Boosting Your Investment Opportunities: Options Trading 101


Now might be a good time to explore options trading–it’s like the next level up from stocks and takes a little more research, experience, and, some would say, nerve than basic buying and selling equities. Here is a quick guide to getting started in options trading; you can determine whether options trading is the right fit for your investment strategies.

Finding The Right Options Broker

Do you know the licenses your current broker holds? If you’re trading online, you’re probably working with a broker holding a Series 7 license–the General Securities Representative license–that allows them to buy and sell stocks on your behalf. Options trading requires another license, the Series 4–the Registered Options Principal license–so the first thing to do is to ensure your broker can trade options, and if not, help you find one who can.

When you’re choosing an options broker, it’s a lot like online dating–you both need to swipe right to determine if you’re a good match. There are a few more hoops to jump through with options–you’ll need to provide detailed financial information–income, liquid assets, and net worth–along with your investment goals and trading experience to open an options account. Your options account is separate from your equities account.

You’re interviewing a broker for the job, too. Ask prospective brokers what tools they have–research sources, support, and guidance–as well as their own experience–failures and successes–in options trading.

Options Trading For Beginners

Options are a fundamentally simple concept–you purchase a contract to buy or sell a given stock at a predetermined price by a certain date. There is some strategy involved with options–short of a crystal ball, you’ve got to trust your broker’s advice on whether a stock is going up or down, and when.

Put or Call

You buy options contracts in 100 share increments. If you think a stock is going up, you buy a call option. This gives you the option–but not the obligation–to buy within a time range at your strike price. If you bet a stock is going to drop, you’ll buy a put option–you can sell shares at your contract price. The contract specifies whether it’s a put or call, the strike price, and the expiration date.

Simple, right?

Strike Price

Here’s where it does get a little more complicated–picking your strike price. Options trading isn’t like buying a lottery ticket; you can’t just pick a random number and hope the ball rolls out before the contract expires. It’s more like roulette, with magical algorithms creating option quotes–a range of strike prices, in standard small increments–for a given stock that are based on the stock price, so that’s always a moving target.

Remember the basic finance calculation–the time value of money? In other words, how much does something actually cost over time? With options, you have to factor in two values–time and intrinsic. Intrinsic value is easy–the difference between the strike price and the share price. Time value would be easier to calculate with that crystal ball–combine the time on the contract, the stock’s volatility, and interest rates to get that number. When you’re figuring out your strike price, you’ve got to add in the premium on the contract, too, so you make a profit on the call or put.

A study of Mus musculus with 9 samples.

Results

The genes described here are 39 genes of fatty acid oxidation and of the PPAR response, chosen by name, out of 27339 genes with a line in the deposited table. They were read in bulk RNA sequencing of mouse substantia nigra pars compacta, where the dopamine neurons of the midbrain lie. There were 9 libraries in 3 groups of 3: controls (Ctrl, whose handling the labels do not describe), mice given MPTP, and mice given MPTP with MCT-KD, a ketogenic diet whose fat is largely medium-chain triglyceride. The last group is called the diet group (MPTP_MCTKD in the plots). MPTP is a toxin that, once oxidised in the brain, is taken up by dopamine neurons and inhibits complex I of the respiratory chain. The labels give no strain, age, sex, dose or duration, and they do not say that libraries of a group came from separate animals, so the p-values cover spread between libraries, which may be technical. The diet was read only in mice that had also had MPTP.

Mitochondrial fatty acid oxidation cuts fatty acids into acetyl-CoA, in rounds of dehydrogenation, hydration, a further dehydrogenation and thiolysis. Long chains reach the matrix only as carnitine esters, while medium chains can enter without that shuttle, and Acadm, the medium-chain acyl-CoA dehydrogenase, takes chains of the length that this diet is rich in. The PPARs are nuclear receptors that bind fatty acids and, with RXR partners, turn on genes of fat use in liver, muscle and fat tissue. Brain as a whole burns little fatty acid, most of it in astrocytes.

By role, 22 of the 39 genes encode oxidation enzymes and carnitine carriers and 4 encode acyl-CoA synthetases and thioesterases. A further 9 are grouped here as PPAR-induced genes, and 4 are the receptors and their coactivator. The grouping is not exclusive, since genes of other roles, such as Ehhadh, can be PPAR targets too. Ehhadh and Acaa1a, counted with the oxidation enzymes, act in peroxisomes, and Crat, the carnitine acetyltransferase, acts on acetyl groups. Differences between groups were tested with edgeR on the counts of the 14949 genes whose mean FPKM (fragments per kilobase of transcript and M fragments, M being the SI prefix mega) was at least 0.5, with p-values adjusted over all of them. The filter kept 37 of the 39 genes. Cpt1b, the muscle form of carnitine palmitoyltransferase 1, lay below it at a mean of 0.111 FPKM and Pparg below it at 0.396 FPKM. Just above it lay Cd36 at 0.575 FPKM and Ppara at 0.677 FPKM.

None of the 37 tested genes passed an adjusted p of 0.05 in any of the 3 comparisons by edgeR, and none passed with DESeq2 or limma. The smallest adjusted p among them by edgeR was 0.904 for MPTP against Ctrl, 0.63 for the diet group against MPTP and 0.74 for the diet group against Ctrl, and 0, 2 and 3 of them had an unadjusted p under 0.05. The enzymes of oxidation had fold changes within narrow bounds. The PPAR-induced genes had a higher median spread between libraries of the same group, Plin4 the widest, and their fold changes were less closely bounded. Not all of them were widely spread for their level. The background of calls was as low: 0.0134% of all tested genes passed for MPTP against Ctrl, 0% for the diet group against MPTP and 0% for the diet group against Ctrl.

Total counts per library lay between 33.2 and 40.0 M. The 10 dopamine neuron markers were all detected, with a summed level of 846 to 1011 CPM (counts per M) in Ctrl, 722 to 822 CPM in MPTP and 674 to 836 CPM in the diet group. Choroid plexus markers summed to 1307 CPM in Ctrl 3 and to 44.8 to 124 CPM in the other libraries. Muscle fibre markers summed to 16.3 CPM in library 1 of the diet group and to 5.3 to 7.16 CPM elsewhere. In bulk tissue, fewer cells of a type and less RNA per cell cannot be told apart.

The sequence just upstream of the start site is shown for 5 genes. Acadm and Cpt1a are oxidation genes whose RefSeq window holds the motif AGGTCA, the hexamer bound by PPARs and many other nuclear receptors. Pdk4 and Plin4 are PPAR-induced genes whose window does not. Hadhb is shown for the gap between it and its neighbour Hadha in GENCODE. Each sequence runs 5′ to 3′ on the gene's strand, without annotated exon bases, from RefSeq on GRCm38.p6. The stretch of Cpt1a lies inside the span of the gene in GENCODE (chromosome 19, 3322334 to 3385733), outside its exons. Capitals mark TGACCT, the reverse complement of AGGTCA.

Expiration Date

The final component of the contract is the expiration date. Again, it’s like roulette–there are predetermined expiration dates for contracts, and you’ve got to pick one that’s offered in the option’s range. The range is wide–from the next day to years out. Short options are riskiest, and when you’re a novice options trader, your broker may well start you out in longer contracts. A longer contract lets you see how the stock moves, and how your investment strategy works in reality. Longer contracts also are a hedge against a dip in price, and as the expiration date gets close you can still sell the option, although the time value has decreased.

Investment Strategies

If you’ve been paying attention, you’ve noticed that options trading is not for day traders–if your investment strategy is one that relies on extremely short-term trades, clearly extended options contracts are not going to work for you. Really experienced options traders do day trade, but for beginners, you’ll need the guidance of your broker to teach you the ropes. After you’ve had some success with options trading (made more than you’ve lost) you can move into that higher level of trading. If an options broker says they’ll allow you to day trade right away, run like the wind–they see nothing but short-term commissions and do not have your best interests at heart.

Advantages Of Options Trading

Here are three good reasons for adding options to your trading strategies.

Leveraging Cash

With good guidance, you can get into strong stock positions at a fraction of the cost. Here’s an example: suppose a stock is trading at $50 and you want to buy 500 shares–in a straight equities purchase, that would cost you $25,000 right off the bat. If you had bought five call options (500 shares) at $20, your total outlay is only $10,000–leaving you the balance to invest elsewhere.

Higher Return Potential

Obviously, if you bought your 500 shares for $10,000 instead of $25,000, your net profit is $15,000 if you sell at $50–on top of the $15,000 you didn’t spend on the initial trade.

More Strategic Opportunities

Options trading is the doorway to more sophisticated investment strategies–with an experienced trader guiding you, the market’s “third dimension” opens to you. This lets you trade not only in equity prices, but strategically invest in time and market volatility. Options also let you play the downside of the market with put contracts–an alternative approach when an equities broker will not let you short your positions.